Multiple potential jurors said they had heard about the arrests, but most agreed that they could listen to the evidence and make an impartial decision.
Credit: Ryan Suppe/The Idaho Press
Ammon Bundy was taken into police custody on Tuesday, August 25, after refusing to leave an auditorium in the Idaho statehouse.

BOISE, Idaho — A prosecutor asked Ada County jurors during the first day of a trespassing trial to send the message to a prominent anti-government demonstrator and his associate that the laws of Idaho still apply to them.

"There are rules for a democracy," Prosecutor Whitney Welsh said Monday. "This case is about the fact that two people, Ammon Bundy and Aaron Von Schmidt, have decided that the rules just don't apply to them."

Bundy and Von Schmidt were charged with misdemeanor trespassing more than ten months ago after refusing to leave a hearing room in the Idaho Capitol building. Bundy faces an additional misdemeanor charge of resisting arrest.

Welsh said the arrests came in August 2020 during the special session of the Idaho Legislature. A group of people who had come to the Statehouse to oppose a proposed bill remained inside the Lincoln Auditorium after the hearing was switched to a different room.

Just after 5 p.m., she said, Speaker of the House Scott Bedke asked Idaho State Police to clear the room.

Everyone left except for the defendants, who were taken into custody, the prosecutor said. 

"At the conclusion of the state's evidence, the state will stand before you and ask you to hold these two men accountable," Welsh said. 

Bundy's lawyer, Sam Bishop, urged the jury to take a different view. 

"You are not going to be asked to agree with what Ammon Bundy had to say or what he was doing," Bishop said. "You will be asked to defend his right to express his views."

Bishop argued that the Statehouse is open to the public and that Bundy was not breaking any rules by going to the Capitol to register his disagreement with proposed legislation, or by remaining in the hearing room.

"Ask yourself - if Ammon Bundy can be kicked out of the statehouse for any reason, who else can? Anybody," Bishop said.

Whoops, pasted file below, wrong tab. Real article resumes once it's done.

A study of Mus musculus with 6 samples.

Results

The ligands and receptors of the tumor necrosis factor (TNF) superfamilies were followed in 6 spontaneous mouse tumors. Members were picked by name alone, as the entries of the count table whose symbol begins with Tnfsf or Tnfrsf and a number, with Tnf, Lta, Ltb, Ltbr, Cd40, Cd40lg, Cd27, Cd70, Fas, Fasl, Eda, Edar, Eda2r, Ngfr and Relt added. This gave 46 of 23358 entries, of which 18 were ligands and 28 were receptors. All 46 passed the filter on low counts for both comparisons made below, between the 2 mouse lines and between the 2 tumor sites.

Von Schmidt, who is acting as his own lawyer, echoed that sentiment, telling jurors that "there was a lot of concerned people there" at the Capitol building the day he was arrested, and arguing that he had done nothing wrong. 

"You're going to see that I was well within my rights to be there at the Capitol," he said. "You're going to see that I was peaceful."

Idaho State Police Sgt. Blake Higley testified he made the announcement to leave "multiple, multiple times," telling the 18 people left inside the room that they needed to exit or face arrest for trespassing. 

Ultimately, everyone left but the defendants, who were taken into custody. Von Schmidt did not resist his arrest, Higley said, but that was not the case with Bundy.

"He made himself dead weight. He wouldn't stand up, he wouldn't do anything to assist, so it took us picking him up, putting him in a roller chair to get him out of the Capitol, because he wouldn't walk," he said.

Bundy, who also led a 41-day occupation at the Malheur National Wildlife Refuge in Oregon in 2016, was issued a yearlong no-trespassing notice banning him from the Statehouse following his arrest. He has been arrested several more times since; once for missing his original trial date in the trespassing case, then twice more in a matter of hours for returning to the Statehouse in violation of the no-trespassing order.

The first day of the trial began with jury selection. Judge David Manweiler and the attorneys questioned members of the jury pool about what they had heard about the defendants or the case, whether they personally knew Bundy, Von Schmidt, or the attorneys, their opinions on the limits of free speech, and whether they had attended any protests at the Idaho Capitol or other statehouses around the country.

Several people were dismissed from consideration, including some who said they had already formed an opinion about the defendants and did not think they could be impartial, a worker at the Ada County Jail, a woman who said she had memory issues and would struggle to remember what was said during the trial, and another who said she would not follow the law or the judge's instruction to jurors if she did not agree with it. 

Multiple potential jurors said they had heard about the arrests on the news or social media, but most agreed that they could listen to the evidence and make an impartial decision about whether Bundy and Von Schmidt are guilty or innocent. 

Several members of law enforcement took the stand as witnesses Tuesday to describe the circumstances of Von Schmidt and Bundy's arrests. Several members of Idaho State Police testified the men were arrested after being told repeatedly to leave the Lincoln Auditorium after the room was ordered to be cleared.